WASHINGTON -- What does Eric Campbell have in common with Giancarlo Stanton, Bryce Harper and Andrew McCutchen?

Apparently the ability to put the ball in play with authority.

Pinch hitting for Jacob deGrom in the seventh inning, Campbell came through with a two-run single against Aaron Barrett that gave the New York Mets a one-run lead. After tacking on four more runs in the ninth, the Mets had defeated the Washington Nationals 7-2 on Tuesday night to move back within two games of first place in the NL East.

Manager Terry Collins would have permitted deGrom to bat if Kevin Plawecki had tied the score in the previous at-bat. But with the Mets trailing by a run and mightily struggling in the offensive department, Collins decided it was a no-brainer to have Campbell pinch hit for the All-Star pitcher with two runners in scoring position and one out.

Yes, deGrom had a higher batting average at the time (.195 versus .174). Still, Collins lightheartedly noted, alluding to deGrom’s college days as a position player: “No disrespect to Jake deGrom. He does handle a bat. He’s not a position player. There’s a reason why they took him off shortstop and made him a pitcher.”

A loss would have dropped the Mets four games behind the Nats.

“This is a huge win, a good team win,” said deGrom, who limited the Nats to two runs on three hits in six innings.

The scoring-challenged Mets had plated only 2, 2, 3 and 2 runs in their opening four games of the second half. And the high-scoring game of that group came in 18 innings on Sunday in St. Louis, when the Mets avoided a sweep against the NL Central-leading Cardinals.

Collins noted there were other reasons for Campbell’s selection. Although his average did not reflect it, Campbell had been hitting into hard outs of late. In fact, Campbell’s 23.3 percent hard-hit rate on balls in play ranked third in the majors this season entering Tuesday (minimum 100 at-bats). It trailed only Stanton (24.5 percent), Harper (23.6) and McCutchen (23.4), according to ESPN Stats & Information.

“We’ve got stats that Eric Campbell has as many ‘well hits’ in the last month as anybody on this team and nothing to show for it,” Collins said.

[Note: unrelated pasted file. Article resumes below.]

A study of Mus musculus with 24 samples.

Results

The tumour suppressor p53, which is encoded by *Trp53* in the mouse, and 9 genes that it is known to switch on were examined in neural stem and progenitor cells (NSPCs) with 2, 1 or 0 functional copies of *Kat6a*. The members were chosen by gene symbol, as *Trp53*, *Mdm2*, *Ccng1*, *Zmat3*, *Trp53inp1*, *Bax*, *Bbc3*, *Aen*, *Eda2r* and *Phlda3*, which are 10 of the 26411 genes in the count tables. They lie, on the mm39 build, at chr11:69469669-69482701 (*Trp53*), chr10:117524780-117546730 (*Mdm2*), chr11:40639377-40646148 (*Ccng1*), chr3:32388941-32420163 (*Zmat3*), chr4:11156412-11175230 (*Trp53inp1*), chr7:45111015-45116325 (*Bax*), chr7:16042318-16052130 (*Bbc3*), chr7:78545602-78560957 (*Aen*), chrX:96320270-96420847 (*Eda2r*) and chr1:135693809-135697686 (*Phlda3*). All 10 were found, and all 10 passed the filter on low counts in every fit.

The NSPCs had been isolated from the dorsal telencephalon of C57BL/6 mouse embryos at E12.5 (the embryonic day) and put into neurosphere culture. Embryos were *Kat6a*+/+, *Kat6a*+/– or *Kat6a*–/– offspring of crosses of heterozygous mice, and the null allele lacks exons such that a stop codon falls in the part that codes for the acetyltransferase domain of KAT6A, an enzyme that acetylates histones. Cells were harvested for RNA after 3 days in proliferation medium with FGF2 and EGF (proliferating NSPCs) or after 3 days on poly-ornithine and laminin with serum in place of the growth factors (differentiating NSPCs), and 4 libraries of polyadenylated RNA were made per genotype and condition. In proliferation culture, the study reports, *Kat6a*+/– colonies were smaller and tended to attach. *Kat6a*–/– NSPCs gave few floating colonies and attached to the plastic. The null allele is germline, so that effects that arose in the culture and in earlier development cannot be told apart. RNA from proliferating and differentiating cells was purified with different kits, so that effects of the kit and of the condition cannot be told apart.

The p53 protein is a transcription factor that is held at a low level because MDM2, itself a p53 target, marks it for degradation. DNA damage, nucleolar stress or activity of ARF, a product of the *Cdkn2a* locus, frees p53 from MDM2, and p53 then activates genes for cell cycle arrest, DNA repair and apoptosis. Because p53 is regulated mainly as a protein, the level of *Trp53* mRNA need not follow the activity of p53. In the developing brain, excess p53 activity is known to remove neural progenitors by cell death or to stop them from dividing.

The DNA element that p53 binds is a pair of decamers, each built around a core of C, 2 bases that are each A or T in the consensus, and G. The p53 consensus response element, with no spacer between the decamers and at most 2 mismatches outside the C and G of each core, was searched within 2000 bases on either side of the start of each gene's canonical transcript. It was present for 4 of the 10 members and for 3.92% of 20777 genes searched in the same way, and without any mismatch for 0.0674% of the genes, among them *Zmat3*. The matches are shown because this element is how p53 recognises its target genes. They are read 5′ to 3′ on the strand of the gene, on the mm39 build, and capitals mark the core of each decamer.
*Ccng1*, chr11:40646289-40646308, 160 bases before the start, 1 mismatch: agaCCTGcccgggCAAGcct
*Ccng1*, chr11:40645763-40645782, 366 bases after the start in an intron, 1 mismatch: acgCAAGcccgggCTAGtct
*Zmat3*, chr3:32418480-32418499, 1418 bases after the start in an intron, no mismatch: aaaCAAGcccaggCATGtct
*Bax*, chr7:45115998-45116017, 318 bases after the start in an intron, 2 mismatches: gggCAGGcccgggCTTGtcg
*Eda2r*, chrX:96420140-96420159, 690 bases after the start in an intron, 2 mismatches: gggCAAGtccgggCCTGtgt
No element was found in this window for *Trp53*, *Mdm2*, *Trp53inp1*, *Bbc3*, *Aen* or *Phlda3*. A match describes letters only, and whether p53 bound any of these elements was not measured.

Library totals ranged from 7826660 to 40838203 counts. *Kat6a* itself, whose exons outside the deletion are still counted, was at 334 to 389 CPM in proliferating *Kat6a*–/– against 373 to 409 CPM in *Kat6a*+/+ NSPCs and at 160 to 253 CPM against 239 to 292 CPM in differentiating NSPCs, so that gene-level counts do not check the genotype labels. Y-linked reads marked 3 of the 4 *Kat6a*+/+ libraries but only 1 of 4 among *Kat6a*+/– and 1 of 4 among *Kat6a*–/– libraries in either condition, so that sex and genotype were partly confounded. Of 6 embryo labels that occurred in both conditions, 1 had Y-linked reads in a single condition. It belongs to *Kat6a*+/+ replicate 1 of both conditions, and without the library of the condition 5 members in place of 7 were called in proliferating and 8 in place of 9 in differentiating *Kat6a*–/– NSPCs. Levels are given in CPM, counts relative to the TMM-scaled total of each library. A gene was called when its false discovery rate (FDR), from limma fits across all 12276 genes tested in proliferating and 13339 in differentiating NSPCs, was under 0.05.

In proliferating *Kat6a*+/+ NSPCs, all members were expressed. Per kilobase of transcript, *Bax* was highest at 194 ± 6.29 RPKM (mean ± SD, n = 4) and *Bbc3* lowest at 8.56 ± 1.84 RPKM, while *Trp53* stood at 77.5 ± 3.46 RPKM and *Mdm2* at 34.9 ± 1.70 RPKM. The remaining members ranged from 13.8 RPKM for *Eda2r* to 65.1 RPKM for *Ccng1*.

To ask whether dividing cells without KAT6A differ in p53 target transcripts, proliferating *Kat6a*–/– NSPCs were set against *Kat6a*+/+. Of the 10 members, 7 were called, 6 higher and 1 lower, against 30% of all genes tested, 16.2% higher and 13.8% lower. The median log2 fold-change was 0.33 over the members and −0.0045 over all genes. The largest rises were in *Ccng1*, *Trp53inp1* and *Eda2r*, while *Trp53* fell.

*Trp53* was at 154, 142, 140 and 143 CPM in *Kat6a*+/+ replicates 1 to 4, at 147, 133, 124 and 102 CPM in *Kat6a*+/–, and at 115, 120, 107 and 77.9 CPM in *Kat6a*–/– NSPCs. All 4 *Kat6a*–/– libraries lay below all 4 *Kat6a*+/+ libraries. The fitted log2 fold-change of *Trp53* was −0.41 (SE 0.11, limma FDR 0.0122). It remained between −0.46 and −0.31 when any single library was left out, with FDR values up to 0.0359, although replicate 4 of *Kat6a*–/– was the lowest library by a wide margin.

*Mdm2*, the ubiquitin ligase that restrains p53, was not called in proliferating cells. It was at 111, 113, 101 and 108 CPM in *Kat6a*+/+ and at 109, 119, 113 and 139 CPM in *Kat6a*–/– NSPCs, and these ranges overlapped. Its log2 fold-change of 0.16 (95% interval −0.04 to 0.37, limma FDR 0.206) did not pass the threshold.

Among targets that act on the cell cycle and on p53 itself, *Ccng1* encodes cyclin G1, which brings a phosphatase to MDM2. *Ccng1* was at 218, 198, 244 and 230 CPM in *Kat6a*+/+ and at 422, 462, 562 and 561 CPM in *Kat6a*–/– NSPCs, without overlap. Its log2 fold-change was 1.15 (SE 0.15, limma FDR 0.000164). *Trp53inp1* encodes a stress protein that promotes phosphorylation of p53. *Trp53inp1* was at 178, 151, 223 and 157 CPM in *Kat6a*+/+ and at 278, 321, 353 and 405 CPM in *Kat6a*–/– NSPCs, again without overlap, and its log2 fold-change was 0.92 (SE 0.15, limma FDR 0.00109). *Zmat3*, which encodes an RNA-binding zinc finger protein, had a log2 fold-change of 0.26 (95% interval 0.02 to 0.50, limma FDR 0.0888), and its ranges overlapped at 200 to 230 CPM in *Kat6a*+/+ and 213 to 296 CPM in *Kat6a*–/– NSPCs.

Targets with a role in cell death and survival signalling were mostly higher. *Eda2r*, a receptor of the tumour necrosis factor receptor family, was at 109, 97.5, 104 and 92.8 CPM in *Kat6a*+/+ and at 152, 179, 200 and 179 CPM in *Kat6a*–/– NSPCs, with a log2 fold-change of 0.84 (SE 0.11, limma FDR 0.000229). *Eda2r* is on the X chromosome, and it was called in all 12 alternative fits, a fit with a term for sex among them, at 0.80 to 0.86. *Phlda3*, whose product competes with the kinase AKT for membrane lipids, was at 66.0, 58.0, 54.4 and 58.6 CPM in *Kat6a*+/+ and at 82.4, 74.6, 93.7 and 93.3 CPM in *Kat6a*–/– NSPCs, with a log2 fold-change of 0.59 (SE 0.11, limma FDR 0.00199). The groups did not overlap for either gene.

Said Campbell: “I was just looking to make hard-hit contact through the middle. With the infield in, your chances of finding a hole are greater. So, I was just trying to make contact and hope for the best.”

Collins preferred Campbell to ailing Michael Cuddyer as the pinch hitter because the manager was unsure what Cuddyer could provide on his balky left knee. Cuddyer ultimately pinch hit and walked in the ninth inning. He subsequently looked gimpy on the bases and remains a DL candidate.

“To be honest, I don’t know how bad Mike’s knee bothers him when he swings,” Collins said. “With the way it’s been acting, I just said I thought this was the spot for Campbell.”

DeGrom had been at only 82 pitches through six innings.

Collins noted that with Jenrry Mejia and Bobby Parnell performing capably of late leading into closer Jeurys Familia, the decision to pinch hit for deGrom became even more logical.

“I’ll tell you what I thought about,” Collins said. “Seriously, you know what went through my mind? This is a baseball game. It’s not about one guy. It’s not about Jake deGrom giving us two more innings. In a game you’re behind by a run and you have runners at second and third and the pitcher’s up, you’ve got to pinch hit. You’ve got to trust your bullpen. You’ve got to trust your guy off the bench. But that’s how you play the game.”

The Mets finished the game 5-for-15 with runners in scoring position. They had been 4-for-72 the previous nine games.

“It’s a big hit,” Campbell said regarding his two-run single. “We obviously needed to score more runs and hit better with guys in scoring position.”